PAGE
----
In 1957 it had one cafe and 15 second-hand shops – sounds like bliss to me but things can’t stay the same, especially not real estate on small sections close to town.
I’ve only been visiting Auckland regularly for about 10 years so to me Ponsonby has always been the hip strip of Ponsonsby Road; coffee and shops that stock Vivienne Westwood. I thought it was my South Island inablity to handle traffic that made crossing it a dance with death, then Metro said even the locals have trouble, but it wasn’t always like that.
So, I’ve never lived in Ponsonby and I never will so why did I enjoy a book about it enough to be keen to see and hear its writers? Because Urban village; The story of Ponsonby, Freeman’s Bay and St Mary’s Bay is an impressive piece of social history with a proper bibiliography (you can take the girl out of the library …)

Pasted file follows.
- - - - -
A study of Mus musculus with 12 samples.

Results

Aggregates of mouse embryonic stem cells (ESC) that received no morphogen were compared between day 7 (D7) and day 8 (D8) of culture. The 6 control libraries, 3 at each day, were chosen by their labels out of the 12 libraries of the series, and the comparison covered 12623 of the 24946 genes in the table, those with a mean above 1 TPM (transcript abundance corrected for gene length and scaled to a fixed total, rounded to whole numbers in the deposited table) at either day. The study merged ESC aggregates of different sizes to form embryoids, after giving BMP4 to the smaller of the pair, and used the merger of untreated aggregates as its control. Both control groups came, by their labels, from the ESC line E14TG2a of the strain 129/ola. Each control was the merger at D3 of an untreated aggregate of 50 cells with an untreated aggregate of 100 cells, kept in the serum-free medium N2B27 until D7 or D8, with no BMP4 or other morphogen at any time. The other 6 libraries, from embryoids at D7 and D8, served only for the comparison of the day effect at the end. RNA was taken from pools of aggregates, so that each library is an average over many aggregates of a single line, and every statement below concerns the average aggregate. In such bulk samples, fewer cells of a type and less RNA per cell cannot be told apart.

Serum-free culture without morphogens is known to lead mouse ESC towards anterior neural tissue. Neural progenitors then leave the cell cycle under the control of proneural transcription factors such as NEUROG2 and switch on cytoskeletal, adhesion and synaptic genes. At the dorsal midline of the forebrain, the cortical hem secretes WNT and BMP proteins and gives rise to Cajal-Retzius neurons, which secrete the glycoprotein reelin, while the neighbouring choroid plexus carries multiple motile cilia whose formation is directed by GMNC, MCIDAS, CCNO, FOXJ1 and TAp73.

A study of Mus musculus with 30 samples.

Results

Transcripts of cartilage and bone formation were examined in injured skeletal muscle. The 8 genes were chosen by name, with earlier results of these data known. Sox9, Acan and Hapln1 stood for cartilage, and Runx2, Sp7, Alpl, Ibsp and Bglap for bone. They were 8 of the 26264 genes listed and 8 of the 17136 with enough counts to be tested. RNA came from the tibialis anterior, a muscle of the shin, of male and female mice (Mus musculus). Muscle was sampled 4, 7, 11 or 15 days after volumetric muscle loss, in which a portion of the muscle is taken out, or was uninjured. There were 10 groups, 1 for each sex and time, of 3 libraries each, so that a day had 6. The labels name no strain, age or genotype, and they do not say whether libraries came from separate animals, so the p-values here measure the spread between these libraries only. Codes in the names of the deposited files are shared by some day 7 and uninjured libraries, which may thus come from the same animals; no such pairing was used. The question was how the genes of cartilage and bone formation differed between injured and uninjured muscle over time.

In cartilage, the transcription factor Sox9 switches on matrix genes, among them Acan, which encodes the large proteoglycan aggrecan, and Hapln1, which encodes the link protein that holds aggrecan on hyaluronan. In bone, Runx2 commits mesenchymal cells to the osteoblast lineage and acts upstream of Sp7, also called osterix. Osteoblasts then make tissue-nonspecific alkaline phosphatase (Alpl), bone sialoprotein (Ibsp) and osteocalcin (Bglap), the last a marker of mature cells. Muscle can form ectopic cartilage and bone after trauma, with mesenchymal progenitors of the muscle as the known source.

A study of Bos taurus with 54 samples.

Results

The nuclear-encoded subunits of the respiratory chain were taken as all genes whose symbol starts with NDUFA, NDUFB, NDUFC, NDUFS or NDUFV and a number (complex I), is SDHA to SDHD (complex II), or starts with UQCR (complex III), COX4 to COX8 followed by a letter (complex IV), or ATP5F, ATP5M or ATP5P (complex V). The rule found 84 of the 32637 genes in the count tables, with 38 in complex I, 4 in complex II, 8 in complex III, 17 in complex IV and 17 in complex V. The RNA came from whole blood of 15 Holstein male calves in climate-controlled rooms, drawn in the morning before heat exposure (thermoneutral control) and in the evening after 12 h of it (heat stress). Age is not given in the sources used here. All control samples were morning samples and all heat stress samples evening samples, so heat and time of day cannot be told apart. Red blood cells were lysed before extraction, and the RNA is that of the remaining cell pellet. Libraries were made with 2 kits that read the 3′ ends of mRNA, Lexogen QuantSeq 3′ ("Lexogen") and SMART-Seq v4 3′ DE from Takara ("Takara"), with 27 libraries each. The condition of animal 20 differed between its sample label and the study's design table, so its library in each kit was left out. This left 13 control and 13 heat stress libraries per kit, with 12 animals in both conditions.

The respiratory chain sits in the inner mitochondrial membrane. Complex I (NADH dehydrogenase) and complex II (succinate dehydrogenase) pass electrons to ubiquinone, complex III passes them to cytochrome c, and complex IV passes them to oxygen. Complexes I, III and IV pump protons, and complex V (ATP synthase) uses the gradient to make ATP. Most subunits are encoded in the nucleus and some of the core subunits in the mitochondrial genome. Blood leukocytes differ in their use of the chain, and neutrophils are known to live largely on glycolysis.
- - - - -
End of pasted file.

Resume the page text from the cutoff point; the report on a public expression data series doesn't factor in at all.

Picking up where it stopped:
Peter Wells had whirled from New York and Judith Thurman to Ponsonby and Jennny Carlyon, Diana Morrow and a surprisingly large audience, most of whom looked as though they lived there. I had to laugh when Wells remembered a famous murder that happened on the corner of Richmond Road. Quick as a flash came a not-so sotto voce riposte from the back row “that’s Grey Lynn”.
As you would expect from two PhDs the book is the result of two years digging into the layers of people who make up the history of the three areas and the authors presented it as a show and tell of slides, an original idea for a festival that is mostly about words rather than images.
Stiil keeping track of library mentions and not disappointed – when gentrification got into full swing the most popular books in the library were the do-it-yourself books – worringly for those who bought a renovated villa do-it-yourself plumbing and electricity.
Couldn’t agree more Robyn (what a stupid expression that is thought!) I thought it was a beautifully produced book and it was social history as it should be – i.e. interesting.